ISLAMABAD   -  The foreign ministry wants a career diplomat to be posted as High Commissioner to India as the two countries are trying to normalise diplomatic ties, senior officials said yesterday.

The foreign ministry officials told The Nation that appointment of a non-career diplomat may not be able to get the desired results for Islamabad.

This comes amid rumours that the Prime Minister’s Special Assistant on National Security Moeed Yusuf was being considered for the slot.

Moeed Yusuf immediately rejected the speculations. “I know it’s too much to ask for a news story to be fact checked before publication these days. But at least the story shouldn’t defy all logic. It is totally made up and baseless,” he tweeted, referring to a report.

A media report suggested that there were strong chances of Yusuf’s appointment as High Commissioner to India as both the countries had shown positive signs of reconciliation during the past few days.

Before joining the government, the SAPM was Associate Vice President for Asia at the United States Institute of Peace in Washington, and previously a Fellow at the Frederick S Pardee Center for the study of the Longer-Range Future at the Pardee School of Global Studies at Boston University. He was appointed Special Assistant to the Prime Minister on National Security Division and Strategic Policy Planning in December 2019.

The Foreign Ministry officials said Prime Minister Imran Khan and Foreign Minister Shah Mehmood Qureshi could pick anybody for the slot but the diplomatic corps would support a career diplomat for the job.

“There are so many to choose from. The foreign ministry will vote for a career diplomat. Hopefully, it will happen that way,” said one official. 

In February 2019, Pakistan had asked India to cut its embassy staff in Islamabad by half, just hours after New Delhi announced a similar decision. The envoys – Moinul Haq and Ajay Bisaria - were also recalled to downgrade the diplomatic relations.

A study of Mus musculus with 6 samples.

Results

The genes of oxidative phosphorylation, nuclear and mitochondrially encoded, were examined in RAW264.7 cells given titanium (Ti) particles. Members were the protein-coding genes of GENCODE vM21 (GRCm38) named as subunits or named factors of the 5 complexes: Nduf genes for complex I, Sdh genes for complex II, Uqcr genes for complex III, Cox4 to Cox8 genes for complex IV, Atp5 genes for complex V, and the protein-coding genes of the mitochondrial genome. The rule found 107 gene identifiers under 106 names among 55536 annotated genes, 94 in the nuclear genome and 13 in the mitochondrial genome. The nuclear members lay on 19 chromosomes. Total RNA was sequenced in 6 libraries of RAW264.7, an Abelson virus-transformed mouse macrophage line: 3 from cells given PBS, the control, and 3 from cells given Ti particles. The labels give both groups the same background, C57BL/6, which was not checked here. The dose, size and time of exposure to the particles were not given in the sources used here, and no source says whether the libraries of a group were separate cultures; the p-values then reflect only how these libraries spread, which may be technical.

The reciprocal action came amid heightened tension between the nuclear-armed South Asian rival countries over the long-running Kashmir dispute.

While the expulsion of diplomats is not uncommon due to the historically acrimonious relationship, the latest diplomatic dispute began when India expelled two Pakistani officials for “espionage,” prompting Pakistan to do the same in response.

Islamabad quickly rejected and condemned what it said baseless Indian allegations to seek a 50% reduction in the staff strength at the Pakistani High Commission.

Bilateral tensions deteriorated in August 2019 when Indian Prime Minister Narendra Modi’s government had unilaterally stripped the Indian-occupied portion of Kashmir of its decades-old constitutional semi-autonomous status.

New Delhi also placed the Muslim-majority region under a strict security and communication lockdown to deter violent reaction against the move, though some restrictions have been partially eased.

Officials said Pakistan envoy to Canada Raza Bashir Tarar and ambassador to Turkey Muhammad Syrus Sajjad Qazi were among the candidates and that Moinul Haq could be recalled from China to proceed to New Delhi.

“No decision has been taken so far but there will be some announcement soon. There are so many senior diplomats so there should be no problem,” said one official.

In the recent weeks, Pakistan and India have been giving statements to resolve the bilateral issues peacefully.

There were reports that FM Qureshi might meet Indian External Affairs Minister S. Jaishankar on the sidelines of the ‘Heart of Asia’ conference in Tajikistan on March 30. Qureshi has said he did not request a meeting but was open to any meeting.

The latest developments came after Pakistan Army Chief General Qamar Javed Bajwa said in Islamabad that it is time to “bury the past and move forward.”

However, addressing a conference, General Bajwa added that the issue of Kashmir is “obviously at the heart of this”. “It is important to understand that without the resolution of Kashmir dispute through peaceful means, the process of sub-continental rapprochement will always remain susceptible to derailment due to politically motivated bellicosity,” he said.

Earlier this month, Prime Minister Imran Khan had also sounded conciliatory towards India and batted for greater trading relationship with New Delhi.

Indian PM Narendra Modi greeted PM Imran Khan this week on Pakistan Day and pledged to work for peace.

Last month, Pakistan and India Director General of Military Operations also agreed to maintain peace at the Line of Control, which is seen as the first step in the thawing of ties.